I hate this time of year. Some of my friends wax rhapsodic about crisp fall air, the changing of the leaves and the coming holidays. But all I can see at the end of October is the end of the sailing season and the long winter stretching out before me.
One reason I like sailing is that it is one of the few endeavors in which the concept of individual responsibility still has meaning. It is much easier to blame someone or something else for the consequences of your decisions than to admit any fault on your own part—it goes back as far as Eve and the serpent—but on a small boat you soon run out of things to point your finger at. 

Voice of Experience: Communication Breakdown

by Carl Hunt, Posted October 31, 2013
“What we have here is a failure to communicate.” This famous line from the classic movie Cool Hand Luke is also a phrase that neatly summarizes a bareboat charter my wife, Nancy, and I recently enjoyed with friends in Corsica.

5 Lessons My Kids Learned from Cruising

by Owen Caddy, Posted March 30, 2014
When I asked my daughter, Tamsyn, 10, what she and her brother, Griffyn, 7, had learned while sailing aboard Madrona, our Tayana 37, she cited some obvious things...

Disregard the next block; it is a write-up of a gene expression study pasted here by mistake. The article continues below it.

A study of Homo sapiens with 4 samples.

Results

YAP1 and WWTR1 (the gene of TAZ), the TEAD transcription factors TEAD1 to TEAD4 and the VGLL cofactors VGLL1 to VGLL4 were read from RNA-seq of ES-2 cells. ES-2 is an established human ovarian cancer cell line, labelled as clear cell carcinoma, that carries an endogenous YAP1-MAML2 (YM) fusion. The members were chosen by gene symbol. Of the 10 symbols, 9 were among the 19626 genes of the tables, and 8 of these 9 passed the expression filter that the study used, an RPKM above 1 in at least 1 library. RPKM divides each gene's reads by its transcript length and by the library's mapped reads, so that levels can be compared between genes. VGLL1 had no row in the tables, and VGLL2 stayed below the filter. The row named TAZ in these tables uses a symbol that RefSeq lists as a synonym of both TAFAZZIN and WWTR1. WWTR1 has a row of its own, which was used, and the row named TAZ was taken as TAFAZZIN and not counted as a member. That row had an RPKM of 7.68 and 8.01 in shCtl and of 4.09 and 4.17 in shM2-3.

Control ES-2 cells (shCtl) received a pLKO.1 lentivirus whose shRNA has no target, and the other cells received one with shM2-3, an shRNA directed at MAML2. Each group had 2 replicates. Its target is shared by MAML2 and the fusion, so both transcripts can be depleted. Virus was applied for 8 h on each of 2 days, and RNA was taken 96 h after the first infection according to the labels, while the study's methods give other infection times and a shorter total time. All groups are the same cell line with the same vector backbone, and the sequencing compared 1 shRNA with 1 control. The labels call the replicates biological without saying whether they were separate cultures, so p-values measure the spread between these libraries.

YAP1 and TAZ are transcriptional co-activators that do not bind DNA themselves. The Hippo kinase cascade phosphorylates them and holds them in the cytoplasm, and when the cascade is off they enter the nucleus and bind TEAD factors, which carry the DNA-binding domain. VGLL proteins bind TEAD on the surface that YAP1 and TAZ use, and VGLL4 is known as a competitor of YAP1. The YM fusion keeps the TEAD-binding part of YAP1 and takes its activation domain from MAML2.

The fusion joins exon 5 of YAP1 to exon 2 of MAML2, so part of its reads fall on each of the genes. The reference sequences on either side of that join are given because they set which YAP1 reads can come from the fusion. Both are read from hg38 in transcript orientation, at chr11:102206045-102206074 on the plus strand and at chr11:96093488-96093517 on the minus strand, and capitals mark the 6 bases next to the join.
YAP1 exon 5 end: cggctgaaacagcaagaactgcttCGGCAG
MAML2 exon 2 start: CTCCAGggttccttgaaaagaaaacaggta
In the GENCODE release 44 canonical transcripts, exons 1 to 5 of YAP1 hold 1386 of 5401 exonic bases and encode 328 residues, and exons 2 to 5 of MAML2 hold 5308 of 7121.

In the early 1990s, my husband, Monty, and I took early retirement, stepped aboard our Gulfstar 39, Salsa, and didn’t come back to our home in Marblehead, Massachusetts, for five years.
One of the best things about being retired is that it allows me to spend some quality time doing what I really like. One such escape—wife willing—is a month-long stay on my sailboat on San Francisco Bay.
“Send me an article on the essence of seamanship,” was the editor’s brief. I wonder what you would have included in this article if he had asked you. I can tell you, it isn’t easy.
They didn’t hoist the Jolly Roger or fire a shot across my bow, but their intentions were worrisome.
My dad came from a long line of sailors and seafarers, but he didn’t start boating himself until he was nearly 50. I was 12 years old when he bought a 14ft Rhodes Bantam. Together, with some trials and errors, we set about learning to sail it.